YA Novels and the Curse of the “Unconventional” Protagonist

Note: when I say “unconventional”, I don’t mean diverse or unusual protagonists: I mean that they are slightly different variations of the same thing. The “unconventional” protagonist always has a similar appearance and an identical attitude, no matter the genre or book. I call them a curse, because they are usually the markers of a bad book, even for ones that had the potential to be good.

Now, the curse of the “unconventional” protagonist. had been a huge part in the young adults novels of my teenage years. It was practically everywhere; the same pale short girl that’s never a brunette, who isn’t “conventionally beautiful” like their mom.

Their main staple is their lack of curves, making them look like twelve years olds (when they’re adamantly sixteen). They have seemingly messy or bland hair, usually an unusual color, and they are always pale. They’re not conventionally attractive, but they have pleasant features, making them appealing to their main love interest. They look like their mothers, but their mothers, being taller, are somehow much the most gorgeous people to walk the face of the Earth, while they’re “cute”. Dressing nice or scandalous is taboo; modest clothes all around. They’re almost always useless and cause more trouble when they do involve themselves, but they’re stubborn, and never take the blame for anything they’ve done.

Almost every young adult book I read, the protagonist can best be identified by what I said above. It almost never changed (the big exception here is the Hunger Games, which featured a non-white woman who was tall and useful) and always had the same outcomes. It caused a lot of serious issues with how I perceived things during my teenage years.

Of course, I wasn’t about to charge into situations I knew I wasn’t useful in. In fact, the stubborn and useless factor actually got on my nerves. It even got to the point where I’d skip entire portions of books if I knew the protagonist was about to do something insanely stupid because “they’re not a useless child”. What really hurt was my perceptions of myself and romance.

My appearance heavily contrasts from the typical main protagonist; I am tall, I have olive skin that tans really easily, and I have dark brown eyes and hair. I lean more on the conventional side of attractiveness, in that I don’t look like a twelve year old. As a teenager, this made me very insecure about my features. I wanted to be like the main protagonists (before I realized how much of a stupid idea that was). I wanted to be short, and pale, and curve-less. I wanted unusual hair and eye colors. You may think that’s stupid, but when it’s all you see in the books you read, it doesn’t seem so stupid. At least, it didn’t seem so stupid to thirteen year-old me.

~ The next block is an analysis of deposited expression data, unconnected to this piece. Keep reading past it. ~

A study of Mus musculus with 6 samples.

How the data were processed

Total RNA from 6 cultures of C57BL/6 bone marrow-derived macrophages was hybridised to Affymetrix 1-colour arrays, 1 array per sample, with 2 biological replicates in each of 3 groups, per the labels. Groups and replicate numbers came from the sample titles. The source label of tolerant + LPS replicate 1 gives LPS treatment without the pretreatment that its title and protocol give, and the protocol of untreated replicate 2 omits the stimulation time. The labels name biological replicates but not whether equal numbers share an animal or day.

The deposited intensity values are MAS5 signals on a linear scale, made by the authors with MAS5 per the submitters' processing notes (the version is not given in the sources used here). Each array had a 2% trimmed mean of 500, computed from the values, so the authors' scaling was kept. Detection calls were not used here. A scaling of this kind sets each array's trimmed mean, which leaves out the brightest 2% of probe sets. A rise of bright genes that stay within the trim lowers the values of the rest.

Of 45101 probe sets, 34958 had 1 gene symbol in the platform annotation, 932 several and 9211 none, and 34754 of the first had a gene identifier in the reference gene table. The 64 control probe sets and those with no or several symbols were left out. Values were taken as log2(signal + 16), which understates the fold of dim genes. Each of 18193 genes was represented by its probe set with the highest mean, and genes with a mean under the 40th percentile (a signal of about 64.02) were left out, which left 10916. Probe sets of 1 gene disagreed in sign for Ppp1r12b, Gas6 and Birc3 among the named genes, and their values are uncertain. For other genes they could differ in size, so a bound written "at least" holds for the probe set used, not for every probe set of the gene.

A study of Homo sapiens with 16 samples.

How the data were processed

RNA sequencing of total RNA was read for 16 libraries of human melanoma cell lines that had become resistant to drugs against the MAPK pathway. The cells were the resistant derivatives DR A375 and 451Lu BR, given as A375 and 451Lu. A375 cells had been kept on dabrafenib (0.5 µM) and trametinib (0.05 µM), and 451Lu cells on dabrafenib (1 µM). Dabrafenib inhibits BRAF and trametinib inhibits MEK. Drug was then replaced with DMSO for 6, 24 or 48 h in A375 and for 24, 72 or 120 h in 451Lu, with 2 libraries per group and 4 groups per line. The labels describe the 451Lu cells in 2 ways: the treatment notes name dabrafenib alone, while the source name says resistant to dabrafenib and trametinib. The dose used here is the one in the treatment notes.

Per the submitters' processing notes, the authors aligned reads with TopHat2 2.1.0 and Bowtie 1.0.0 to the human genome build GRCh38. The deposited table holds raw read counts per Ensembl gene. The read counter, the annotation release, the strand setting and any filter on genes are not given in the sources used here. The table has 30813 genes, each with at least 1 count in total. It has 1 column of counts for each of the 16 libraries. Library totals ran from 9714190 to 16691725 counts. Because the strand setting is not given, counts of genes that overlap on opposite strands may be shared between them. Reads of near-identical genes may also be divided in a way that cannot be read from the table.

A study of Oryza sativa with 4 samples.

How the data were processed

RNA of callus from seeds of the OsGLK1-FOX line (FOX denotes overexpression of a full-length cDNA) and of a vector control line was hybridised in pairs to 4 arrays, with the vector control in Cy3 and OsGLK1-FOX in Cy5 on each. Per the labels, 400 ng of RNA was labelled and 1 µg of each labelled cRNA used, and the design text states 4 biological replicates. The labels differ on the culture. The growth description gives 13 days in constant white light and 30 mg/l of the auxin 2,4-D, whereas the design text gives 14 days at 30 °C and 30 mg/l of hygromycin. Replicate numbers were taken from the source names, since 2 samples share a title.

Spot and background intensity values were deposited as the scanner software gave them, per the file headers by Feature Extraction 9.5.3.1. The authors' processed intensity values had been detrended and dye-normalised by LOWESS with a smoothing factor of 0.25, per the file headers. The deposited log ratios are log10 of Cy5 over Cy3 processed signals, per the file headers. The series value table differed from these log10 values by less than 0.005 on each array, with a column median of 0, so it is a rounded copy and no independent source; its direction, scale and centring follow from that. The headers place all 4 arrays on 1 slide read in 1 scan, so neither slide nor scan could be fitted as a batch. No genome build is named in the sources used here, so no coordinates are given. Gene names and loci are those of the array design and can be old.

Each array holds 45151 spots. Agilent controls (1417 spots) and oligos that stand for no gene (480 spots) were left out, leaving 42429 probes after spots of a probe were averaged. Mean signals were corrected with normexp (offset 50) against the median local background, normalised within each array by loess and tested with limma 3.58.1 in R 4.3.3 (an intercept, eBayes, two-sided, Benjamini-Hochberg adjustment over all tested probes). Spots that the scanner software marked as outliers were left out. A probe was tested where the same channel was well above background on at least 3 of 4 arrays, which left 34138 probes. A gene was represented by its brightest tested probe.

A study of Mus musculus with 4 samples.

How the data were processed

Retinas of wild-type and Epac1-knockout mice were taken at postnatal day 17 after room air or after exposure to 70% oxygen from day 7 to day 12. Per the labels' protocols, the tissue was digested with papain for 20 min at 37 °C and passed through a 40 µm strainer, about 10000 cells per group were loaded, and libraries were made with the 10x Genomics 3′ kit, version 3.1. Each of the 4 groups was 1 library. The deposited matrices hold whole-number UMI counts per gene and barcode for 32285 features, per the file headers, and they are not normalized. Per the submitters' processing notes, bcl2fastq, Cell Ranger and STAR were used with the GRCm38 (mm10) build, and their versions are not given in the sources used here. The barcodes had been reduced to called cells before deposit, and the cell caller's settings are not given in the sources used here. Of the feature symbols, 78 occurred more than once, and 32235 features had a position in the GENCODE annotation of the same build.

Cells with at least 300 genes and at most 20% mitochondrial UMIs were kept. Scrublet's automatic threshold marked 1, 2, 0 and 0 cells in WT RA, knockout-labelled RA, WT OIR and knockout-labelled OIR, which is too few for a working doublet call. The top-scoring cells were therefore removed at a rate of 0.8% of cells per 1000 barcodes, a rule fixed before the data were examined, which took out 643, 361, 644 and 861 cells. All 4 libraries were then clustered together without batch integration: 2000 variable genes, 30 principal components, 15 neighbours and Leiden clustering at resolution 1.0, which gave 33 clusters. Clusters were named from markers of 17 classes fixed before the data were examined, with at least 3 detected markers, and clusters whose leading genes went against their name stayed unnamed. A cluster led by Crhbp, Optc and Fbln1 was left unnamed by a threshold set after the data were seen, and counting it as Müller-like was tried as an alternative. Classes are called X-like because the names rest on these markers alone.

Girls that I look like get constantly trashed in comparison to the main protagonist, getting written off as sluts and mean girls who are insanely preppy and stupid. At the same time, the books with the “unconventional” protagonist gets pushed as “beneficial for all girls”, despite the obvious bashing of “conventional” girls. When that idea is getting shoved down your throat all the time, it really starts to affect how you see yourself. They’re extremely damaging, and can psychologically affect girls as young as ten to see themselves in a negative light. Worst part is, most won’t even realize until they’re practically adults, if then.

Now, I have seen improvements in the YA genre. I have noticed a growing diversification in main protagonists, which is quite refreshing. But the curse is still there, and it still maintains a presence. A weakening presence, but a presence. It needs to be targeted, and stopped once and for all.